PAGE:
Asynchronous vs. Synchronous Transmission
All modern data communications protocols operate efficiently on synchronous facilities. This document defines the differences between asynchronous and synchronous transmission and why synchronous transmission provides lower overhead and thus, greater throughput.
- Asynchronous TransmissionWhen data bits are transmitted serially, it is necessary for the receiver to properly detect the moment in time that each bit in a character begins and ends. With asynchronous transmission, this is performed by framing each character with a Start and Stop pulse.
The illustration above depicts an 8-bit character, framed with a Start bit and a Stop bit. The Mark (1) state is negative, the Space (0) state is a positive voltage. Note that in an idle state, the line is Marking (1). The Start bit immediately takes the line out of that condition, while the Stop bit returns the line to the idle state.
The receiver senses the Space bit, and counts about 10 bit lengths. From there it can derive the value of each bit. Since the exact clocks that do the counting may differ between the transmitter and receiver, there always exists a timing error, called “bias”. Most modern UARTs (Universal Asynchronous Receiver/Transmitter) will use a 16x clock rate to sample received data with to work around this problem.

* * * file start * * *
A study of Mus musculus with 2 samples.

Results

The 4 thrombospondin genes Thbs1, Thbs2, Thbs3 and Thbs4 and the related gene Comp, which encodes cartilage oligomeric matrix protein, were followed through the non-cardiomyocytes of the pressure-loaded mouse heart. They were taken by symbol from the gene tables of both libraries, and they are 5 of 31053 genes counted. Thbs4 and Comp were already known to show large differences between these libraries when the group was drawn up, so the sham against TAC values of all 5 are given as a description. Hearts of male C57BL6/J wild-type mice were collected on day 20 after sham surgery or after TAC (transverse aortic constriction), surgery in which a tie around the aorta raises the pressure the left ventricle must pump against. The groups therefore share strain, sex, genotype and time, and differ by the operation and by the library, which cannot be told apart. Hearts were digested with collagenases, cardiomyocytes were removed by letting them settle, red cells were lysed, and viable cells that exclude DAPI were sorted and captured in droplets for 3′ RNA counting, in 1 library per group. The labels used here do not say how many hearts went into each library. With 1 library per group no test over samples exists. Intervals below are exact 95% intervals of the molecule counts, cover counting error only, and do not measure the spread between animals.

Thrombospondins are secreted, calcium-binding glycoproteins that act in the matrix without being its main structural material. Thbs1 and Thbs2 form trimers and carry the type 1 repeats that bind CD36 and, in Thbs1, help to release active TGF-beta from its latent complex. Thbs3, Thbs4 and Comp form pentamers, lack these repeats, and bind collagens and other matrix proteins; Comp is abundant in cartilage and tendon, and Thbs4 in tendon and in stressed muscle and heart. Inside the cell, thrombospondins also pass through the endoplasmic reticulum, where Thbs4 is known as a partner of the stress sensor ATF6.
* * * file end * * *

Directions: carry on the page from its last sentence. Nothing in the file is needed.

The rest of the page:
- Synchronous TransmissionWhen synchronous transmission is used, common bit timing is used between a transmitter and a receiver. For analog modem systems, the modem recovers timing pulses from the incoming data stream and presents a continuous stream of “clock pulses” to the receiving DTE device. For other systems, like DDS or T1, the timing is recovered from the actual incoming digital pulses.The receiving DTE device will look at the negative-going clock transition to sample the data stream with. This negative clock pulse is aligned in the center of the data bit, eliminating the “bias” problem with asynchronous systems.
The receive clock ensures accurate sampling of the data stream, but the receiver can’t tell what bits comprise a character. The transmitter will send characters in a group, called a block or a frame. Special synchronization characters are transmitted at the beginning of each block. The receiver will look for these special characters and, once detected, will know where each character begins and ends.
Although the synchronization characters add some overhead, it is not near the 20% overhead incurred with asynchronous Start/Stop transmission. As blocks of more characters are transmitted (increased block size), the relative overhead decreases.